NSA Purges Millions of Call Records Over Privacy Violations
It was in 2013 when it was first revealed that the National Security Agency was collecting phone records of millions of Verizon customers in the name of national security. Five years later, it is scrambling to delete those records over privacy violations but claims that “technical irregularities” in the call and text messages records have made them delete the data. Ideally, the millions of phone and text message data records should never have been obtained from the telecom operator in the first place, under the USA Freedom Act. According to a New York Times report, the number of call records the NSA had was in “hundreds of millions,” while the Associated Press believed the numbers of call record details were more than 685 million.
Deleting Phone Calls
Although the NSA first started its phone record surveillance as early as 2013, the maximum number was recorded in 2017, followed closely by 2016, a year after the USA Freedom Act surveillance rules came into effect. In a public statement, the NSA said that it was deleting all call and message records collected since 2015.
The NSA has said that it had found technical irregularities in the data received from telecom operators over the years.
The agency also claims that these irregularities resulted in the NSA receiving certain data that it was not authorized to have. Since it wasn’t possible to identify and separate the authorized and the unauthorized data, the NSA was thus deleting all the call details. If you want to watch a fantastic show that depicts the NSA, The Good Wife is your answer.
The Death of Data Privacy
With the sad demise of net neutrality in the US, most would imagine that only Internet data is unsafe. But it turns out even basic phone calls and text messages are also not safe from surveillance. The NSA said that it had a talk with the Justice Department and the Office of the Director of National Intelligence, and decided that it was best to delete all the records.
Even though it isn’t clear what the NSA had done with the data, the assurance has been provided that the root cause of the problem had been addressed.
In reality, it isn’t only the US that is guilty of privacy breaches. According to a report by the UN Special Rapporteur in 2013 found that with the increase in the innovations in communications systems, a number of countries all over the world have been increasingly collecting and monitoring communications data, without any valid cause.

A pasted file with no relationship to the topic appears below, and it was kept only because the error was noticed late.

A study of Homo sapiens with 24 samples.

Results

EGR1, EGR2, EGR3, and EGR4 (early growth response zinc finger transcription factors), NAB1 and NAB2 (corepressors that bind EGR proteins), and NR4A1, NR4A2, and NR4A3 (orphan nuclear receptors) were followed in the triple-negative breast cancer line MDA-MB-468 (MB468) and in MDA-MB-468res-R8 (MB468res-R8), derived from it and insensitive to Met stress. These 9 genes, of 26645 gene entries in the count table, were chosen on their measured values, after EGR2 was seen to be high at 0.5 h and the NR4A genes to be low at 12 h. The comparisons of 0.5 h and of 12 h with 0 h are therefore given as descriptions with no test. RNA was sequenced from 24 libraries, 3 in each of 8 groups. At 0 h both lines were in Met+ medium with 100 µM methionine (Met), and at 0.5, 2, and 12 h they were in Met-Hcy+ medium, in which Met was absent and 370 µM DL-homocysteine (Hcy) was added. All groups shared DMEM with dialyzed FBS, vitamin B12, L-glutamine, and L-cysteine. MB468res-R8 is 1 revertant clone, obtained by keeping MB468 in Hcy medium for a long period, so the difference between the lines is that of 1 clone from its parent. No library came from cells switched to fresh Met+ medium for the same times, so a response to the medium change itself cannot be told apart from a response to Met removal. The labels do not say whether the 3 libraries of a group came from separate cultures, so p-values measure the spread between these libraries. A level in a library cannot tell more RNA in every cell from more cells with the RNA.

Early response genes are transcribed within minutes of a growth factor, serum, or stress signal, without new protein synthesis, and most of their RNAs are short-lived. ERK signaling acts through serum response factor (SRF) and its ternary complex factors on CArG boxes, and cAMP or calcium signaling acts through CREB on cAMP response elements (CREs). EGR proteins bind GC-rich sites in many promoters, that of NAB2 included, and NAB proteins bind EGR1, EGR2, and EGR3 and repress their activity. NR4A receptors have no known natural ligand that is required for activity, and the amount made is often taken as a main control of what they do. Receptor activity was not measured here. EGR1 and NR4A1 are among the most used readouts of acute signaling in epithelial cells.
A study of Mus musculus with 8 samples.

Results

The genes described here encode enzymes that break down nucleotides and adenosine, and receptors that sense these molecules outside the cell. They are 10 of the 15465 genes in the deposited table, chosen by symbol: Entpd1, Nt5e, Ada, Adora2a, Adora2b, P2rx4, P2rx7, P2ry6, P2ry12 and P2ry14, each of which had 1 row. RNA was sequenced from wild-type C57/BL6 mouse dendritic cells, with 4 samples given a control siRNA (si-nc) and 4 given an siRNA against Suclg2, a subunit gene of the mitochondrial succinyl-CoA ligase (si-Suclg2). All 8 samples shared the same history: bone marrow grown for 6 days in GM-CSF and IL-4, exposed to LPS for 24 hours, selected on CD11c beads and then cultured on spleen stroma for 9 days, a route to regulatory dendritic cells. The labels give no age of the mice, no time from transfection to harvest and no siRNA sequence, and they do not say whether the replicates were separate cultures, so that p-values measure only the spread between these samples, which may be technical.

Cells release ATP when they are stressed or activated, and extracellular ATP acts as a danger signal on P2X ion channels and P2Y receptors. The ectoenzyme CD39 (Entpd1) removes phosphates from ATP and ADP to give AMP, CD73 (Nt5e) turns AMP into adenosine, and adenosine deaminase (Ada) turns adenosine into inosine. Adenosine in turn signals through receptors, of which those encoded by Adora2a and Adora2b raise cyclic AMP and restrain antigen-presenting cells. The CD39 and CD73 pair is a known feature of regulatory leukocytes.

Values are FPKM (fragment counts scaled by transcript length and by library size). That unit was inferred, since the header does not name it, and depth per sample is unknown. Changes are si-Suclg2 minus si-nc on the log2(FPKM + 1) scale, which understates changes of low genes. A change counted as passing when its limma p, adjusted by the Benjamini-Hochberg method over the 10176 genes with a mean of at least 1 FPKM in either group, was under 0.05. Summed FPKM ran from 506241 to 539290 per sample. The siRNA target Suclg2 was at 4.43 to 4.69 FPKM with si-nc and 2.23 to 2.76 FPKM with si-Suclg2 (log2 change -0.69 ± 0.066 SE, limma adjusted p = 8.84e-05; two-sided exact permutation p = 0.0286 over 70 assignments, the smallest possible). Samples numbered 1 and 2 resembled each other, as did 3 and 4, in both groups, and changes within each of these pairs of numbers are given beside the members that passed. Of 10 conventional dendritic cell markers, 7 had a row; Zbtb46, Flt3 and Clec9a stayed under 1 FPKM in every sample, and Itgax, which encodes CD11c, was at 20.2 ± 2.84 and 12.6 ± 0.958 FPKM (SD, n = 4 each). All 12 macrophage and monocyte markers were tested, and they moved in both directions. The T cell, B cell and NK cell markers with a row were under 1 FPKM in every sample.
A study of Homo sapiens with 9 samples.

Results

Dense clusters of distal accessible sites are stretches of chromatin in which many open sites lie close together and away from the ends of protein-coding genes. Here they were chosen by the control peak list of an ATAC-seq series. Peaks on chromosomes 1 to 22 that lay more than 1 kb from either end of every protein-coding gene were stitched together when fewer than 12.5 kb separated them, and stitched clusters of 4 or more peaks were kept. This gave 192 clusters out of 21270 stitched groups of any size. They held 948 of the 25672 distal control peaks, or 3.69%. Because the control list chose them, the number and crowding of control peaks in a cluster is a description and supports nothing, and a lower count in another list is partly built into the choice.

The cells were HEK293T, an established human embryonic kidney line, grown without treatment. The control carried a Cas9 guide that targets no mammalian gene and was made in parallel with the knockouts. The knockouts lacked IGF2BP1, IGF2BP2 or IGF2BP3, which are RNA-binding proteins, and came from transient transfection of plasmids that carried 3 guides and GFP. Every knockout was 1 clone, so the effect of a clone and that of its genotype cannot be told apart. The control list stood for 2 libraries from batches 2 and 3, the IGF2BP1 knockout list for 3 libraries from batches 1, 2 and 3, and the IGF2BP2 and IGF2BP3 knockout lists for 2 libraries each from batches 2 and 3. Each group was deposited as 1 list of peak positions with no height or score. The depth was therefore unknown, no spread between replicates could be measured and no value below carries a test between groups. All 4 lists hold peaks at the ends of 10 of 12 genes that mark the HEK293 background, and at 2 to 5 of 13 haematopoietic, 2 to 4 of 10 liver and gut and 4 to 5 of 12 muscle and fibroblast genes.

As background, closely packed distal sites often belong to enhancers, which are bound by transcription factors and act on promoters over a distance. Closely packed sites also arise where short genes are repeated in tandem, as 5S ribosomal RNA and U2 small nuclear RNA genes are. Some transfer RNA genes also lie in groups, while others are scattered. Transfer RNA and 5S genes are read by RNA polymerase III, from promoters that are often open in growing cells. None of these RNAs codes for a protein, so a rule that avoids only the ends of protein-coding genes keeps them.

In many nations, it is more than just logging call records. It involves listening in on the citizens, hacking into their computers, and intercepting Internet calls and messages.
Bahrain is far worse
In one instance, activists in authoritarian regimes like Bahrain have been the target of phishing emails by the government, which surreptitiously installs software on their devices that gives them access to anything saved on that device, including emails, online chats, and every other document. What the NSA is doing has been described as a lot less invasive, because it only compelled Verizon to all call details within the US and abroad, including local calls. This means, that the NSA could only know who you called, for how long, and maybe the location of the phone. But other nations are engaged in far more invasive data surveillance that violates basic privacy norms.
Who is to Blame?
For the NSA case, the real blame goes to the telecom operator who shouldn’t have shared the data in the first place. Senator Ron Wyden said that the telecom operator is the one that still has the call and message data, but the NSA could it because of the USA Freedom Act of 2015 and Title V of FISA.
Senator Wyden said in a statement that such incidents go on to show the carelessness with which these companies acted, failing to comply with the law when sharing sensitive data about customers with the government. The NSA started deleting the records from May 23rd, with the assurance that the agency had taken all necessary steps to fix the issue.
NSA spokesperson Christopher Augustine has said that there was a technical problem that was fixed, but he refused to go into greater detail because they were classified. He mentioned as assurance that the NSA did not receive the content of the calls, including any name, address, financial data, or location information.
Liza Goitein of the Brennan Center for Justice at New York University called these assurances “cold comfort”. The NSA keeps claiming that the violations were unintentional and that people don’t need to worry.
Something to Think About
But that isn’t any comfort because when the NSA collects hundreds of millions of customer records, it is hard to trust them to not having done anything with the data. At this point, it is hard to believe that the NSA will not coax information out of telecom operators again in the future.